How Iran blew up the Jewish community building in Buenos Aires

Back in October 2006, I blogged a story in which I reported that Argentina was seeking the arrest of former Iranian President Hashemi Rafsanjani, Mahmoud Ahmadinejad's 'moderate' predecessor. The Argentinean prosecutor behind that story, Alberto Nisman, was in Israel this week, and he told JPost editor David Horovitz how he discovered that the government of Iran was behind one of the biggest terror attacks of all time:
THE MEETING at which the AMIA blast was conceived and approved, Nisman says definitively, took place in Mashad, Iran's second largest city, on August 14, 1993, and was attended by then-president Rafsanjani, then-foreign minister Ali Velayati, then-intelligence minister Ali Fallahian, two Argentinean-based Iranians and two Iranian military chiefs.

Mohsen Rabbani, later given diplomatic immunity as the cultural attache at the Iranian embassy in Buenos Aires, had flown in from Argentina to Mashad with a list of three potential targets on which Iran could unleash its anger. "But we don't know what the other two were, since AMIA was the first one discussed and it was immediately approved," says Nisman.

Nisman's evidence, which Interpol found so credible as to uphold the arrest warrants in a unanimous vote of its executive committee in Marrakesh last month, includes a detailed, damning money trail and testimony from another former Iranian president, Abolhassan Banisadr, who now lives in France.

While Nisman stresses that his brief is only to investigate the AMIA attack, he says that other investigations, in other countries, have gathered evidence that the same Rafsanjani-led Iranian terror committee ordered a series of attacks in the early and mid-1990s in France, Germany, Switzerland and the Middle East. "All the investigators found the same hierarchy," he notes.

Hizbullah, as ever, was ordered to carry out the AMIA attack, Nisman continues, with its terror chief, Imad Mughniyeh, who has been indicted by Argentina over the Israeli Embassy bombing as well, flown from Lebanon to Teheran for instructions.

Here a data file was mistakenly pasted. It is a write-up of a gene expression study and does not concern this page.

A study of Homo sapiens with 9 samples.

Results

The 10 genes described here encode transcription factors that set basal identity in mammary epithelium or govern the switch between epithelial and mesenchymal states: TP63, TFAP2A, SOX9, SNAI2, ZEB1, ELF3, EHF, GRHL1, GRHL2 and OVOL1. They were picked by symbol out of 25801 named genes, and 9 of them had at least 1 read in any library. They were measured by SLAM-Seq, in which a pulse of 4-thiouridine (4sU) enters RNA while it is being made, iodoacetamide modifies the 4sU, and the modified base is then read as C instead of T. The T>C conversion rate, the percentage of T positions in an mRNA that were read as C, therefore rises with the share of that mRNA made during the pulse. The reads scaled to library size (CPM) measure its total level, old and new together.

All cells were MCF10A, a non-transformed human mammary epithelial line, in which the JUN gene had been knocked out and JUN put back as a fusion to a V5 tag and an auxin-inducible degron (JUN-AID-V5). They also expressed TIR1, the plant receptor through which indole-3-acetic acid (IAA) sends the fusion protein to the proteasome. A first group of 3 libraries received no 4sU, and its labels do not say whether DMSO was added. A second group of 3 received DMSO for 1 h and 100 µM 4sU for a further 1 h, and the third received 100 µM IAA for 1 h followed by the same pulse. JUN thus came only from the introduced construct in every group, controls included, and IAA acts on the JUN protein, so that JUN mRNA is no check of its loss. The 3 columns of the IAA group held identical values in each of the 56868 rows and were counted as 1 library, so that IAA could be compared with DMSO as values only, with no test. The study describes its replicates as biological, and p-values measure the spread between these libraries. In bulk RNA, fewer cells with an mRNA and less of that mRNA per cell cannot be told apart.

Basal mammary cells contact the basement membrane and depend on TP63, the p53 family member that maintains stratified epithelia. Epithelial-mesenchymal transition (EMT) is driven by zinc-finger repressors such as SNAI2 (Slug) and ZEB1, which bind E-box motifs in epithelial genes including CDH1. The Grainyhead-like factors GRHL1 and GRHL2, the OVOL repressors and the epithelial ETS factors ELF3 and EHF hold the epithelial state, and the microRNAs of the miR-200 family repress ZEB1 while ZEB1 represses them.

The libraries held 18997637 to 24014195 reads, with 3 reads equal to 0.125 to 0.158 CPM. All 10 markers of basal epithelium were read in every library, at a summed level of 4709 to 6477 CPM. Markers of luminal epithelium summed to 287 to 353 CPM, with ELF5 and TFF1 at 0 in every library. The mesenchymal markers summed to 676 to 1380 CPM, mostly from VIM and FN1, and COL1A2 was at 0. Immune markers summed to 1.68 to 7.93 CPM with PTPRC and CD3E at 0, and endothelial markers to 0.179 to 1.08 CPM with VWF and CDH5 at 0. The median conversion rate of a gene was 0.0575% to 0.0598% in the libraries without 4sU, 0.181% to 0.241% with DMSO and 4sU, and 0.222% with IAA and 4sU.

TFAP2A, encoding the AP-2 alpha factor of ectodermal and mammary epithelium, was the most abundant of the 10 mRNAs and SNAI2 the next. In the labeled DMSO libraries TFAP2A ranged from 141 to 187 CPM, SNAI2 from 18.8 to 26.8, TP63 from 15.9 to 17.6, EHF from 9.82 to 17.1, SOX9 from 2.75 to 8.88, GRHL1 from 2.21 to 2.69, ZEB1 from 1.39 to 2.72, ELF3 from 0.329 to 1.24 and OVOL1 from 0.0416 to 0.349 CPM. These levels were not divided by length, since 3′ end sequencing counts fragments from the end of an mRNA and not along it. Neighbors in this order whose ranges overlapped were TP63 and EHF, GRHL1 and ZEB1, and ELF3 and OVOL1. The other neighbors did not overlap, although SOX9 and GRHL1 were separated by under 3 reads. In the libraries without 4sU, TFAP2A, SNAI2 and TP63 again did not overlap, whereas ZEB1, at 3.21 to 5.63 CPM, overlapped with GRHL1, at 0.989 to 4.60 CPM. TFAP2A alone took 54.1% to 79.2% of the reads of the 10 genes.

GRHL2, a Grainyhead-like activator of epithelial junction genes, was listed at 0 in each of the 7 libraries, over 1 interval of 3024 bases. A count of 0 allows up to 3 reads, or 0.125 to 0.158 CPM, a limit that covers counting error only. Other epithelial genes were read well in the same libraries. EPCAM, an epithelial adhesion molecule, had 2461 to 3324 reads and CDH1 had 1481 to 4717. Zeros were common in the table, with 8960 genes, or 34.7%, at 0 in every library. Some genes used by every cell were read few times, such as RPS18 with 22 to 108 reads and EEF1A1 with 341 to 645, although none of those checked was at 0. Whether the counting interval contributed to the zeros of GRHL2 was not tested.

Berro, the fourth of five siblings of a Lebanese family - the father was a Fatah "militant," one brother was killed in a suicide attack on an Israeli target in south Lebanon in 1989 and another brother is also believed to have died fighting against Israel in Lebanon - was selected for the mission. Two of his brothers had emigrated to the United States. His mother, fearing that his Hizbullah activities would get him killed too, had wanted Ibrahim to join them. He would have been in Detroit, and thus unavailable, but was refused a visa, says Nisman.

The support team flew into Buenos Aires on July 1, 1994, two weeks before the blast. Berro traveled to the capital via Paraguay and Brazil, crossing into Argentina across the porous "triple frontier" at the junction of the Argentinean, Brazilian and Paraguayan borders where Hizbullah has long had a presence.

The Renault Trafic had been packed with a mixture of locally bought Amonal explosives and TNT smuggled in from abroad. It was parked, three days before the blast, a few blocks from the AMIA building. Berro was making that short journey when he narrowly missed Romero's impulsive child.

In 2005, Nisman received a photograph from Detroit of the whole Berro family. "I held my breath," he remembers. "But the picture of Ibrahim exactly matched the identikit."
Read the whole thing. And if any of you think that Iran would hesitate for a minute to use nuclear weapons against Israel, please think again.